Unsorted Wild Birds

Superb Lyrebirds

The Superb Lyrebirds (Menura novaehollandiae) is a pheasant-sized songbird, approximately 100cm long, with brown upper body plumage, grayish-brown below, rounded wings and strong legs. It is the longest and third heaviest of all songbirds.

The polygamous male is the bearer of the most elegant of all tails. The tail has sixteen feathers, with the two outermost being lyre-shaped. Next within are two guard plumes and twelve long, lace-like feathers, known as filamentaries. Seven years is required for the tail to fully develop.

During the courtship display, the tail is fanned forward beyond his head to form a silvery white canopy.

An Australian endemic, the Superb Lyrebird is distributed in the forest of southeastern Australia, from southern Victoria to southeastern Queensland. The superb lyrebird was introduced to Tasmania in the 1930s and 40s in order to save the bird from the perceived threat of foxes and habitat loss in its original range.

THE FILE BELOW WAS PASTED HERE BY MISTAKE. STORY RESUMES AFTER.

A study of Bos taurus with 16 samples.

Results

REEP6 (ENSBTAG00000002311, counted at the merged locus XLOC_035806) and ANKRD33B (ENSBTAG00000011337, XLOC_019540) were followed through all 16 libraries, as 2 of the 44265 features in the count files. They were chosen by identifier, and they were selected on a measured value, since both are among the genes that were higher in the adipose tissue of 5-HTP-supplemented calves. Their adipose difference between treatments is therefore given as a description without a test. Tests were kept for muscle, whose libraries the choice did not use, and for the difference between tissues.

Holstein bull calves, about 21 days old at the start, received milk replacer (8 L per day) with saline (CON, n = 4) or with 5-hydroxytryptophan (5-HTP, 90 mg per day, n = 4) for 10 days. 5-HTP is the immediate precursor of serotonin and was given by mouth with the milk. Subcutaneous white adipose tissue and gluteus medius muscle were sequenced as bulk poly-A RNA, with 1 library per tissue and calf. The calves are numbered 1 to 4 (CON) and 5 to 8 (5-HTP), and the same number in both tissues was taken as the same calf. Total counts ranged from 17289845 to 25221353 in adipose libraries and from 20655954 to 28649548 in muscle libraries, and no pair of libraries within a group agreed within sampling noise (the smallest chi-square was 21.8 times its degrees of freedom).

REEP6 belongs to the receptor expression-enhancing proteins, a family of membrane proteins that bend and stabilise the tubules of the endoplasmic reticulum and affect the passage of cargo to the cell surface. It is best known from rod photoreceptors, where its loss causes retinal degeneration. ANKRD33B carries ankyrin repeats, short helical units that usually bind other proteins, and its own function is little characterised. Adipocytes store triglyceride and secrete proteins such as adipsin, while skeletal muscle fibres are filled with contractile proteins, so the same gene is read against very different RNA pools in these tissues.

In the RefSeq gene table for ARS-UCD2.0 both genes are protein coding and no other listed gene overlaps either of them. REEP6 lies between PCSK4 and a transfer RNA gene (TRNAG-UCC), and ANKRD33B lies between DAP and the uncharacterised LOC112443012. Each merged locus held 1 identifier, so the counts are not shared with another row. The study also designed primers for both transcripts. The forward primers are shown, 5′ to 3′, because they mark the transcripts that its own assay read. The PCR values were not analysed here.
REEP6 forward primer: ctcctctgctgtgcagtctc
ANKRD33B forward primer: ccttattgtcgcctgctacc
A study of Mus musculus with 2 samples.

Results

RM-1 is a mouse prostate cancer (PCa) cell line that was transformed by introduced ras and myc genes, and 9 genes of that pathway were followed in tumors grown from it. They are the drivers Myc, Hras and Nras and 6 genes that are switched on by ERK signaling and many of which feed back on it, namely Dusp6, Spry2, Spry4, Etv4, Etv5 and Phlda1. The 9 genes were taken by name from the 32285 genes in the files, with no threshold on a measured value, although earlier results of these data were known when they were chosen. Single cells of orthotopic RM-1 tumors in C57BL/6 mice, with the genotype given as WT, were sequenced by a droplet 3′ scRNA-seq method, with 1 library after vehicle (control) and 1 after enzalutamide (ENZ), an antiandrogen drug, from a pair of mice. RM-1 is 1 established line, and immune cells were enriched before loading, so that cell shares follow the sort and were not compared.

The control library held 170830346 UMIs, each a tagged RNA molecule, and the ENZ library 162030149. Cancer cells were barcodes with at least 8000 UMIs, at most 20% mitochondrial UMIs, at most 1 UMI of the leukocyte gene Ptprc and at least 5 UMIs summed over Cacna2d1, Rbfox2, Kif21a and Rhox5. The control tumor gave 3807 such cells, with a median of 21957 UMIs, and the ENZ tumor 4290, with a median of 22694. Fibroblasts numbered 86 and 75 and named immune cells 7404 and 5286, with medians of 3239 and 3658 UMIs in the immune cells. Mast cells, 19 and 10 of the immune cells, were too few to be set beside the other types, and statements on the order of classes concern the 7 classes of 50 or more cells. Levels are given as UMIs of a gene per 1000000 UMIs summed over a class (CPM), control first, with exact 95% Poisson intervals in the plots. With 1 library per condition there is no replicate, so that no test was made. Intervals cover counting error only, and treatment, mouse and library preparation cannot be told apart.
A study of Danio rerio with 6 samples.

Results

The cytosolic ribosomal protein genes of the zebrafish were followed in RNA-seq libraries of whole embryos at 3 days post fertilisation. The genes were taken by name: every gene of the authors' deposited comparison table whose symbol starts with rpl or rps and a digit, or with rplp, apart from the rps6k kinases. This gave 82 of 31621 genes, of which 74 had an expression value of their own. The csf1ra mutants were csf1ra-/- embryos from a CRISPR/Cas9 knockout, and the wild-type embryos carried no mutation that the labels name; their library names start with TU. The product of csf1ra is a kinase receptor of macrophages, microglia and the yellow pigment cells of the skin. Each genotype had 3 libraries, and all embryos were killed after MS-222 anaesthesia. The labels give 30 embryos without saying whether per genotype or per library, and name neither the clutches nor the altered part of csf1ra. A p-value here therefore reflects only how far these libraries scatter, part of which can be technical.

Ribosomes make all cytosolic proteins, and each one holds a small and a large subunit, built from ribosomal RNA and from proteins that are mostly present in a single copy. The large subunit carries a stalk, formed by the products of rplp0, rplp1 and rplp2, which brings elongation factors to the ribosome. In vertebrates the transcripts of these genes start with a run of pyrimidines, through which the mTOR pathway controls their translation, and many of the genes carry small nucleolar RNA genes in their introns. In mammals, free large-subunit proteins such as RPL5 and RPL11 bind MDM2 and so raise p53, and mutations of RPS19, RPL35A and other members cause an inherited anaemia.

Widespread and common throughout its large range, the Superb Lyrebird is evaluated as Least Concern on the IUCN Red List of Threatened Species.

The scientific name has been given as Menura superba previously.

Lyrebirds are ancient Australian animals. The Australian Museum has fossils of lyrebirds dating back to about 15 million years ago.[1] The prehistoric Menura tyawanoides has been described from early Miocene fossils found at the famous Riversleigh site.

Calls / Vocalizations

One of the two lyrebirds in the family Menuridae, the other being the much rarer Albert’s Lyrebird, the Superb Lyrebird has a wide vocal range and extraordinary ability to accurately mimic sounds.

Breeding / Nesting

The female lays a single egg and builds a domed nest above ground.

Diet / Feeding

The diet consists mainly of small animals found on forest floors or from rotting logs.


  • BirdLife International (2004). Menura novaehollandiae. 2006 IUCN Red List of Threatened Species. IUCN 2006. Retrieved on 12 May 2006. Database entry includes justification for why this species is of least concern
  1. Lyrebird: Overview – Pulse of the Planet

Gordon Ramel

Gordon is an ecologist with two degrees from Exeter University. He's also a teacher, a poet and the owner of 1,152 books. Oh - and he wrote this website.